Mutations in TERT, the gene for telomerase reverse transcriptase, in aplastic anemia

Hiroki Yamaguchi, Rodrigo T. Calado, Hinh Ly, Sachiko Kajigaya, Gabriela M. Baerlocher, Stephen J. Chanock, Peter M. Lansdorp, Neal S. Young

Research output: Contribution to journalArticle

Abstract

BACKGROUND: Mutations in TERC, the gene for the RNA component of telomerase, cause short telomeres in congenital aplastic anemia and in some cases of apparently acquired hematopoietic failure. We investigated whether mutations in genes for other components of telomerase also occur in aplastic anemia. METHODS We screened blood or marrow cells from 124 patients with apparently acquired aplastic anemia and 282 control subjects for sequence variations in the TERT, DKC1, NHP2, and NOP10 genes; an additional 81 patients and 246 controls were examined for genetic variations in TERT. Telomere lengths and the telomerase activity of peripheral-blood leukocytes were evaluated in patients carrying genetic variants. Identified mutations were transfected into telomerase-deficient cell lines to examine their effects and their mechanism of action on telomerase function. RESULTS Five heterozygous, nonsynonymous mutations (which cause an amino acid change in the corresponding protein) were identified in TERT, the gene for the telomerase reverse transcriptase catalytic enzyme, among seven unrelated patients. Leukocytes from these patients had short telomeres and low telomerase enzymatic activity. In three of these patients, the mutation was also detected in buccal mucosa cells. Family members carrying the mutations also had short telomeres and reduced telomerase activity but no evident hematologic abnormality. The results of coexpression of wild-type TERT and TERT with aplastic anemia-associated mutations in a telomerase-deficient cell line suggested that haploinsufficiency was the mechanism of telomere shortening due to TERT mutations. CONCLUSIONS Heterozygous mutations in the TERT gene impair telomerase activity by haploinsufficiency and may be risk factors for marrow failure.

Original languageEnglish (US)
Pages (from-to)1413-1424
Number of pages12
JournalNew England Journal of Medicine
Volume352
Issue number14
DOIs
StatePublished - Apr 7 2005
Externally publishedYes

Telomerase
Mutation
Genes
Telomere
Gene Components
Haploinsufficiency
Leukocytes
Bone Marrow
Telomere Shortening
Cell Line
Mouth Mucosa
Amino Acids

ASJC Scopus subject areas

  • Medicine(all)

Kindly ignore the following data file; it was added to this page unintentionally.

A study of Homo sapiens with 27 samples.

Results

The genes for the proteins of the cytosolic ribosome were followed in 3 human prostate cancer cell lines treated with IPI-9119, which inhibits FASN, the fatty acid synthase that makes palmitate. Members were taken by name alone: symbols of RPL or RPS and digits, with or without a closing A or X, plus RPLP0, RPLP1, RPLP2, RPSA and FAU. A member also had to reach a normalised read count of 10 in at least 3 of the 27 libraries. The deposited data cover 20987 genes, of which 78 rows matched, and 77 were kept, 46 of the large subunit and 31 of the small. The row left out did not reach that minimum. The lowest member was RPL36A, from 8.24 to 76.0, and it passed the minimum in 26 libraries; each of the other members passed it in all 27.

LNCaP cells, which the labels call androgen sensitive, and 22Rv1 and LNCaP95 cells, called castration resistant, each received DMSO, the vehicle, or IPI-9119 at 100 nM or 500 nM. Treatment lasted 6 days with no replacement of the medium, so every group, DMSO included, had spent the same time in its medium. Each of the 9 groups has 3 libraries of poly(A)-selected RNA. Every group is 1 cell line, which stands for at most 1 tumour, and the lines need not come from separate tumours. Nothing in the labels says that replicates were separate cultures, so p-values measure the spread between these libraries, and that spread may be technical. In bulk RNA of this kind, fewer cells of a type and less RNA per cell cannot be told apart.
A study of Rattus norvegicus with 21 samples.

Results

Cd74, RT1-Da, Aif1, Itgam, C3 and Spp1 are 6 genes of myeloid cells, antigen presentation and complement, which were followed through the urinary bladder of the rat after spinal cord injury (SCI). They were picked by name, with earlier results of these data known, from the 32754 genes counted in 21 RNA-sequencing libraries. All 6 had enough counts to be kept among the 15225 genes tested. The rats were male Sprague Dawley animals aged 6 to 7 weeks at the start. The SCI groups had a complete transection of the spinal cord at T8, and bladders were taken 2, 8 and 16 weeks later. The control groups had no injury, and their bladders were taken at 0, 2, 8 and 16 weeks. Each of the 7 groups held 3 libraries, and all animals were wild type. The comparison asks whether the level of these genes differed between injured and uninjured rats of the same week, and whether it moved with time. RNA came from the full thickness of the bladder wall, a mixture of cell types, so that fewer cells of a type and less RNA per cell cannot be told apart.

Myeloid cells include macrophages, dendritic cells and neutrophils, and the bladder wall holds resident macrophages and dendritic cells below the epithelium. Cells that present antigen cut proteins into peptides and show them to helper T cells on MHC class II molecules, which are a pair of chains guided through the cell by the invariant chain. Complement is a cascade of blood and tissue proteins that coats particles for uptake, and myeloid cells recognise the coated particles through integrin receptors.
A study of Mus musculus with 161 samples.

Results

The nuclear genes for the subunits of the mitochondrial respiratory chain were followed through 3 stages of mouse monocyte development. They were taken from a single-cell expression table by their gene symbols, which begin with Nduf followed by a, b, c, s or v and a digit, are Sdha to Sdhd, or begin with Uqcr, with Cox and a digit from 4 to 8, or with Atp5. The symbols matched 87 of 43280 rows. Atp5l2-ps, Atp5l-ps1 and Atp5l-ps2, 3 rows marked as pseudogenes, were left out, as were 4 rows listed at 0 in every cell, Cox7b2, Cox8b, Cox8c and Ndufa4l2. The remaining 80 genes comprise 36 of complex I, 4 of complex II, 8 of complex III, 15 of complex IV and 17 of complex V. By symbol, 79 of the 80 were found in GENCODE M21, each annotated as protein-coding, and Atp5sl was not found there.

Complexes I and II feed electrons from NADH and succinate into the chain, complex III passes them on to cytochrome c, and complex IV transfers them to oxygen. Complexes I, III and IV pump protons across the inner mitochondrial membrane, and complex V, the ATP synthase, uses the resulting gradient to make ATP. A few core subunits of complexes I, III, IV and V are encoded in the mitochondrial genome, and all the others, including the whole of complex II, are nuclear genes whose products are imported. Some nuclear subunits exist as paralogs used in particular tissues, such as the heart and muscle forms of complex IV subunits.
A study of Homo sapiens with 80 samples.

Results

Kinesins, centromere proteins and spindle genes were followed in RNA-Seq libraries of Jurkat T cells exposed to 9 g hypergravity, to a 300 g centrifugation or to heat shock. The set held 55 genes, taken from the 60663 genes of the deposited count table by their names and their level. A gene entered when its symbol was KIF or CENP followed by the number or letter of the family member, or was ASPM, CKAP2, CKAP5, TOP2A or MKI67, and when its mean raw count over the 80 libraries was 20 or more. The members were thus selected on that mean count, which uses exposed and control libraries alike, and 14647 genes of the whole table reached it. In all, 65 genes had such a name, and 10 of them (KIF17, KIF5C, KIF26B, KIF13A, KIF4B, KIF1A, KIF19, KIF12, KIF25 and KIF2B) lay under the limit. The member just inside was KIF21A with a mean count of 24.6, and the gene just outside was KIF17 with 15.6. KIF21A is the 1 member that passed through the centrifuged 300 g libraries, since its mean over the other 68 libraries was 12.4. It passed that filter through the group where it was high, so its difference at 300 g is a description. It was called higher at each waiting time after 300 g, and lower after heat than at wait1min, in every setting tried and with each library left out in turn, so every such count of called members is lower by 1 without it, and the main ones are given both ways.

Cite this

Yamaguchi, H., Calado, R. T., Ly, H., Kajigaya, S., Baerlocher, G. M., Chanock, S. J., ... Young, N. S. (2005). Mutations in TERT, the gene for telomerase reverse transcriptase, in aplastic anemia. New England Journal of Medicine, 352(14), 1413-1424. https://doi.org/10.1056/NEJMoa042980

Mutations in TERT, the gene for telomerase reverse transcriptase, in aplastic anemia. / Yamaguchi, Hiroki; Calado, Rodrigo T.; Ly, Hinh; Kajigaya, Sachiko; Baerlocher, Gabriela M.; Chanock, Stephen J.; Lansdorp, Peter M.; Young, Neal S.

In: New England Journal of Medicine, Vol. 352, No. 14, 07.04.2005, p. 1413-1424.

Research output: Contribution to journalArticle

Yamaguchi, H, Calado, RT, Ly, H, Kajigaya, S, Baerlocher, GM, Chanock, SJ, Lansdorp, PM & Young, NS 2005, 'Mutations in TERT, the gene for telomerase reverse transcriptase, in aplastic anemia', New England Journal of Medicine, vol. 352, no. 14, pp. 1413-1424. https://doi.org/10.1056/NEJMoa042980
Yamaguchi H, Calado RT, Ly H, Kajigaya S, Baerlocher GM, Chanock SJ et al. Mutations in TERT, the gene for telomerase reverse transcriptase, in aplastic anemia. New England Journal of Medicine. 2005 Apr 7;352(14):1413-1424. https://doi.org/10.1056/NEJMoa042980
Yamaguchi, Hiroki ; Calado, Rodrigo T. ; Ly, Hinh ; Kajigaya, Sachiko ; Baerlocher, Gabriela M. ; Chanock, Stephen J. ; Lansdorp, Peter M. ; Young, Neal S. / Mutations in TERT, the gene for telomerase reverse transcriptase, in aplastic anemia. In: New England Journal of Medicine. 2005 ; Vol. 352, No. 14. pp. 1413-1424.

AU - Calado, Rodrigo T.

AU - Ly, Hinh

AU - Kajigaya, Sachiko

AU - Baerlocher, Gabriela M.

AU - Chanock, Stephen J.

AU - Lansdorp, Peter M.

AU - Young, Neal S.


AB - BACKGROUND: Mutations in TERC, the gene for the RNA component of telomerase, cause short telomeres in congenital aplastic anemia and in some cases of apparently acquired hematopoietic failure. We investigated whether mutations in genes for other components of telomerase also occur in aplastic anemia. METHODS We screened blood or marrow cells from 124 patients with apparently acquired aplastic anemia and 282 control subjects for sequence variations in the TERT, DKC1, NHP2, and NOP10 genes; an additional 81 patients and 246 controls were examined for genetic variations in TERT. Telomere lengths and the telomerase activity of peripheral-blood leukocytes were evaluated in patients carrying genetic variants. Identified mutations were transfected into telomerase-deficient cell lines to examine their effects and their mechanism of action on telomerase function. RESULTS Five heterozygous, nonsynonymous mutations (which cause an amino acid change in the corresponding protein) were identified in TERT, the gene for the telomerase reverse transcriptase catalytic enzyme, among seven unrelated patients. Leukocytes from these patients had short telomeres and low telomerase enzymatic activity. In three of these patients, the mutation was also detected in buccal mucosa cells. Family members carrying the mutations also had short telomeres and reduced telomerase activity but no evident hematologic abnormality. The results of coexpression of wild-type TERT and TERT with aplastic anemia-associated mutations in a telomerase-deficient cell line suggested that haploinsufficiency was the mechanism of telomere shortening due to TERT mutations. CONCLUSIONS Heterozygous mutations in the TERT gene impair telomerase activity by haploinsufficiency and may be risk factors for marrow failure.